Uber Will Spend $10 Million to Help Solve City’s Traffic Issues
Cities around the country have started pointing the finger at Uber for a surge of traffic issues in recent years — and whether it’s ride-hailing companies that are really causing these problems, it’s easy to blame the companies that have completely disrupted urban transportation in recent years.
New York City recently imposed a cap on the amount of ride-hailing vehicles while the city studies the impact they have on congestion.
Instead of fighting against the problem, Uber is trying to play nice with local governments and develop solutions to fix the issue. On Wednesday, Uber’s CEO Dara Khosrowshahi announced it would spend $10 million to help cities research sustainable transportation and find ways to reduce traffic.
$250,000 of that will go to SharedStreets, a nonprofit that works with public and private organizations to get them to share transportation data with each other.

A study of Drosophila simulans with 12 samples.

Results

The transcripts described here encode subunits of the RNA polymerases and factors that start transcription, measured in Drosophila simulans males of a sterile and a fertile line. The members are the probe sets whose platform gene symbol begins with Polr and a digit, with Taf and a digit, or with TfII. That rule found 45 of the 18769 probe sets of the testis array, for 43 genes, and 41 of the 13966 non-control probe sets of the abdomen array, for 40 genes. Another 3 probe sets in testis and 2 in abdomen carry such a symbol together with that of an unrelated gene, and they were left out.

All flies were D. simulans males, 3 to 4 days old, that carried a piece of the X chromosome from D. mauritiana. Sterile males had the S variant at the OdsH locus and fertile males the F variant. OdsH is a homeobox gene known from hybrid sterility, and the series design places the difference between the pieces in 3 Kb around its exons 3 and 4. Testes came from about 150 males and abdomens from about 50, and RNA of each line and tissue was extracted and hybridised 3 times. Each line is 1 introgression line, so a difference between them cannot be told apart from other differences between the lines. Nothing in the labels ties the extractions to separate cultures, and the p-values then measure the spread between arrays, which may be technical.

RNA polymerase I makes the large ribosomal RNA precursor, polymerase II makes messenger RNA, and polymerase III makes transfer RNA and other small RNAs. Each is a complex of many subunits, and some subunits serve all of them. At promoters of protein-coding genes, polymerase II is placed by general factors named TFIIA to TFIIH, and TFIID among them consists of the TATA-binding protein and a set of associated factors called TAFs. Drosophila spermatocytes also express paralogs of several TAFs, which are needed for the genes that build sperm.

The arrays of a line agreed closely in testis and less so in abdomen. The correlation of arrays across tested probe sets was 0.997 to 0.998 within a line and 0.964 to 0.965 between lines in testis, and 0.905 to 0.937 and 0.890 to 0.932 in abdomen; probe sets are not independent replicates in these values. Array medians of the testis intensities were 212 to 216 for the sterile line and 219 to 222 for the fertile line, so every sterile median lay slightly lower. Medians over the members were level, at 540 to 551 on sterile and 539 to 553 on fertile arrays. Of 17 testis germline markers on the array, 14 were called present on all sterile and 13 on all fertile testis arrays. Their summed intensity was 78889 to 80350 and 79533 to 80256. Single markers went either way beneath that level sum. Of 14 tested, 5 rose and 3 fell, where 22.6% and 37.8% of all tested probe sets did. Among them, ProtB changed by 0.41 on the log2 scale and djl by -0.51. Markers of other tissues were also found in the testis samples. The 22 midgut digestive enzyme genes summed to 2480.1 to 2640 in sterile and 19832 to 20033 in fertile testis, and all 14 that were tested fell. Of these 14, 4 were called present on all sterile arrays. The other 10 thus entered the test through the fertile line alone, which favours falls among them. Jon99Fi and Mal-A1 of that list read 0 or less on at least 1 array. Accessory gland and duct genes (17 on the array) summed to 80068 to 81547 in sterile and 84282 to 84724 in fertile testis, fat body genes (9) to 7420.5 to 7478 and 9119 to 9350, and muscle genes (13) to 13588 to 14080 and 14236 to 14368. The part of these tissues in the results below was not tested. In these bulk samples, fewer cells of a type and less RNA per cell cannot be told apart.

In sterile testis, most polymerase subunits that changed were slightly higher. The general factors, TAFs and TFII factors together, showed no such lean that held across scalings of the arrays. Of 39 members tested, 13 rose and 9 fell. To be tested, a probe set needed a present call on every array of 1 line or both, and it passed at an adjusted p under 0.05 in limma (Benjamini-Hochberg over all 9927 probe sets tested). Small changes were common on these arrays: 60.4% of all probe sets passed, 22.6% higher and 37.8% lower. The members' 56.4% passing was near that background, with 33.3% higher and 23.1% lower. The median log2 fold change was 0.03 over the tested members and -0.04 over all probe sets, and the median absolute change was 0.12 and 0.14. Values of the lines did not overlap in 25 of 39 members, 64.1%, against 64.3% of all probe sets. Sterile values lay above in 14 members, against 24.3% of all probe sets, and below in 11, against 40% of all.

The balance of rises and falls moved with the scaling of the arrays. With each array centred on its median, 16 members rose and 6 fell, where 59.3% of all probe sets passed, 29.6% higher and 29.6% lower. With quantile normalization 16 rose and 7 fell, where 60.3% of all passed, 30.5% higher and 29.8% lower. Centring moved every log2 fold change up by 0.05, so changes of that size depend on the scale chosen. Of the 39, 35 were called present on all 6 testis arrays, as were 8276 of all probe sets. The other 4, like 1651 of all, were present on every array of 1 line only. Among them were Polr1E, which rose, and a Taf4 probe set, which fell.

$1 million will go to lobbying New York to pass a comprehensive congestion pricing plan, which many transportation advocates would have a much bigger impact on New York City’s traffic issues than a ride-hailing cap. If passed it could serve as a model for other cities to implement similar legislation that usually funds public transportation.
“We’re ready to do our part to help cities that want to put in place smart policies to tackle congestion—even if that means paying money out of our own pocket to pass a tax on our core business,” wrote Khosrowshahi.
The rest of the money will be allocated to different organizations over the next three years, and Uber will use The Shared Mobility Principles for Livable Cities as guiding standards in how it determines where the money will go. It also shared a new study on how cities “can create safer, more efficient streets and curbs.”
While $10 million may sound large, it’s not a huge chunk of change for a company that’s valued at $62 billion dollars.
Uber said it will continue to invest in its dockless electric Jump Bikes and infrastructure for them — it announced its partnering with Sacramento to install bike charging stations around the city. While these greener forms of transportation can help reduce congestion — it’s also where Uber sees its future, and more importantly, profits. It will also donate to PeopleForBikes, a nonprofit that lobbies for bike funding and pro-bike legislation.
Featured image by Anadolu Agency / Getty Images.